Search engine giant takes Intel’s crown as the largest buyer and supporter of tech firms over the last three years
New data has shown that Google has overtaken Intel as the world’s most acquisitive company, buying or investing in 127 other companies in the last three years.
Research gathered by Bloomberg over the recent period found that the search engine giant overtook advertising firm WPP and previous leader Intel to take the top spot, with the others taking second and third place respectively.
Google’s 127 deals included both acquisitions and investments, and resulted in a total value of $17.6 billion over the past three years. This was more than double the number of deals recorded by the company over the previous measurement period. Intel, which was the top dealmaker in the previous three-year period, was only involved in 121 deals as the company looked to lessen costs elsewhere.
Google has ramped up its acquisition processes since the appointment of Larry Page as CEO in 2011. Under his leadership, the company has used its vast cash resources, which totalled $58.7 billion (£35.4 billion) in the company’s most recent financial results, to expand and diversify its business interests.
The company has a separate investment arm, Google Ventures, which has become a major supporter of start-up businesses, notably leading a $361.2 million investment in app maker Uber Technologies last August, and a new group called Google Capital which backs later-stage companies, recently helping online questionnaire company SurveyMonkey raise about $444 million last year.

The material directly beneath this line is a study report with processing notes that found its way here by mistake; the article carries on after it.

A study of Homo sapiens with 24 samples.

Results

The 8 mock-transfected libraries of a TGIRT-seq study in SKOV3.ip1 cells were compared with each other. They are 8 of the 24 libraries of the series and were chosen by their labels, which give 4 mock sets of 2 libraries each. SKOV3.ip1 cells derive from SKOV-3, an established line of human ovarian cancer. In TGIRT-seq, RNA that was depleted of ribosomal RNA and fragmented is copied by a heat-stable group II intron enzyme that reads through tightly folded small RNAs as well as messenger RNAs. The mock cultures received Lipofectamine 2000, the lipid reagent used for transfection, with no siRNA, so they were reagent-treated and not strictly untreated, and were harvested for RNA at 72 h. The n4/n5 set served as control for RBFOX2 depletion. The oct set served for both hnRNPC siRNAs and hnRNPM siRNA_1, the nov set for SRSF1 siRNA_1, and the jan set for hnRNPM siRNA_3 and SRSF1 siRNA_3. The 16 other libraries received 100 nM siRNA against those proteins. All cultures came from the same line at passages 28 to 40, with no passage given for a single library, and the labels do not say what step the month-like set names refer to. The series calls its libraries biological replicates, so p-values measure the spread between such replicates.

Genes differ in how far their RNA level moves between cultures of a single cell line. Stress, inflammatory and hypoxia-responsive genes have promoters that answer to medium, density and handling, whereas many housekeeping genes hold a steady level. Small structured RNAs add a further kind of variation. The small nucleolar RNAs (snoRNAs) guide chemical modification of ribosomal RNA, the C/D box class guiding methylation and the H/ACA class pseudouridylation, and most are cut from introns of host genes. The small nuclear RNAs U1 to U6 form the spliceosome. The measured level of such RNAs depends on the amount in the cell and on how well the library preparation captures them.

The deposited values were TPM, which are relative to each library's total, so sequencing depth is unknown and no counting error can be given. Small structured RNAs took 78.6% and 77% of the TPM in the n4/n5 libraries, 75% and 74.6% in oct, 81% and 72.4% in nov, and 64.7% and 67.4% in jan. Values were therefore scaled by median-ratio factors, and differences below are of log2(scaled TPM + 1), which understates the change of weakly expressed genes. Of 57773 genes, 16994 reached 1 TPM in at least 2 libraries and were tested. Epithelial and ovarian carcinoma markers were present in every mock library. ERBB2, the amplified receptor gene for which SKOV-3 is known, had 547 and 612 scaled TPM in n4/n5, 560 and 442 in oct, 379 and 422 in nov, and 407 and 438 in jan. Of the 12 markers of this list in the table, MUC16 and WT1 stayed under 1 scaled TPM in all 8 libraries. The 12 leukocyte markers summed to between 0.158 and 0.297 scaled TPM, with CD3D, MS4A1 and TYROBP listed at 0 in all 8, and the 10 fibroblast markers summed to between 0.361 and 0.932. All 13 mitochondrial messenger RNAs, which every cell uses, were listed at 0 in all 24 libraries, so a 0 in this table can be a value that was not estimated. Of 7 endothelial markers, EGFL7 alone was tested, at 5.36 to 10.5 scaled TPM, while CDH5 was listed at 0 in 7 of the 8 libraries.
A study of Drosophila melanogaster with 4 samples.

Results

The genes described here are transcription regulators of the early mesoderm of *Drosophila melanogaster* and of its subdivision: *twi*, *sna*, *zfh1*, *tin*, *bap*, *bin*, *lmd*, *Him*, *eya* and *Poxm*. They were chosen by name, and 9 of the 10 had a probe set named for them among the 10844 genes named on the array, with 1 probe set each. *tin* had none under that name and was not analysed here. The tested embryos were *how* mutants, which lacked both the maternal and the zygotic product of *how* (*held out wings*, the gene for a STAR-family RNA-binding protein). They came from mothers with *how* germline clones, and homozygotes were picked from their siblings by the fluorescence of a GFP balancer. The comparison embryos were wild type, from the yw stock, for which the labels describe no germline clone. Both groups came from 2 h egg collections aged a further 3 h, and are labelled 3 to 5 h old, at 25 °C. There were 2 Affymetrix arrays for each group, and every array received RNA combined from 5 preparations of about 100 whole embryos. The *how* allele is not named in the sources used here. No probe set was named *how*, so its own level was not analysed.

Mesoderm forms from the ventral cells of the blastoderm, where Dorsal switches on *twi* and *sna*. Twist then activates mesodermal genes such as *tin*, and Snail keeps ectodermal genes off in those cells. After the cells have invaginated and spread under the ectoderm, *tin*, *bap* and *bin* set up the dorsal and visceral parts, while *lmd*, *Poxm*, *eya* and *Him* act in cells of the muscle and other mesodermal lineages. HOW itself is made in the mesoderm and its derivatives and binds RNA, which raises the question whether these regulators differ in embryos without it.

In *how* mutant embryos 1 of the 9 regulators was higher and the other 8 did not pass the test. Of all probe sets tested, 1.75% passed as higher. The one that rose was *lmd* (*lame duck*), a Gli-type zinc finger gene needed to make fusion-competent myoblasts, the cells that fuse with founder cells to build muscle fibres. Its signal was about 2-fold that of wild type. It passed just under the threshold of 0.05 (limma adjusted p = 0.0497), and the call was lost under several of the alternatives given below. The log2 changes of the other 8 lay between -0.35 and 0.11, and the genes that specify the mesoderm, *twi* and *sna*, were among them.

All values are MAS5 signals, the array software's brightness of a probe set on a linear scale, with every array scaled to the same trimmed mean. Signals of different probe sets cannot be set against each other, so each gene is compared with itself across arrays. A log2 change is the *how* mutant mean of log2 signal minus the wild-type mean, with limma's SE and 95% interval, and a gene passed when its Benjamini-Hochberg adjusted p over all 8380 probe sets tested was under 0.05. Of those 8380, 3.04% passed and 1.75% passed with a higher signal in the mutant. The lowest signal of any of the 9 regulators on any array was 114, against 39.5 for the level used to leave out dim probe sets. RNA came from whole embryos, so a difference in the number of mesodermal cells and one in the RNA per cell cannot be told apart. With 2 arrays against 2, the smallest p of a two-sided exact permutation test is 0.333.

The company’s mergers and acquisitions group, led by Don Harrison since December 2012, has expanded by at least 50 percent in the past two years, a person with knowledge of the unit said.
The company has enjoyed a rather busy first month and a half of 2014, recently completing the purchase of digital-thermostat maker Nest Labs for $3.2bn (£2bn), and London-based artificial intelligence developer DeepMind Technologies for $400m (£242m).
Last month, Google also announced the sale of the Motorola handset business to Lenovo for $2.91 billion (£1.76bn), having only acquired the company in 2012. However, under the deal, it did acquire the option to buy shares equivalent to nearly six percent of the Chinese manufacturer.
In its most recent financial results, Google posted a net profit of $3.4 billion (£2bn) for its Q4 2013 compared with $2.9 billion (£1.7bn) in Q4 2012. Revenues were also up at $16.9 billion (£10.2bn) – or $9.90 (£6) per share – compared to the $14.4 billion (£8.7bn) it posted in the same year-ago quarter.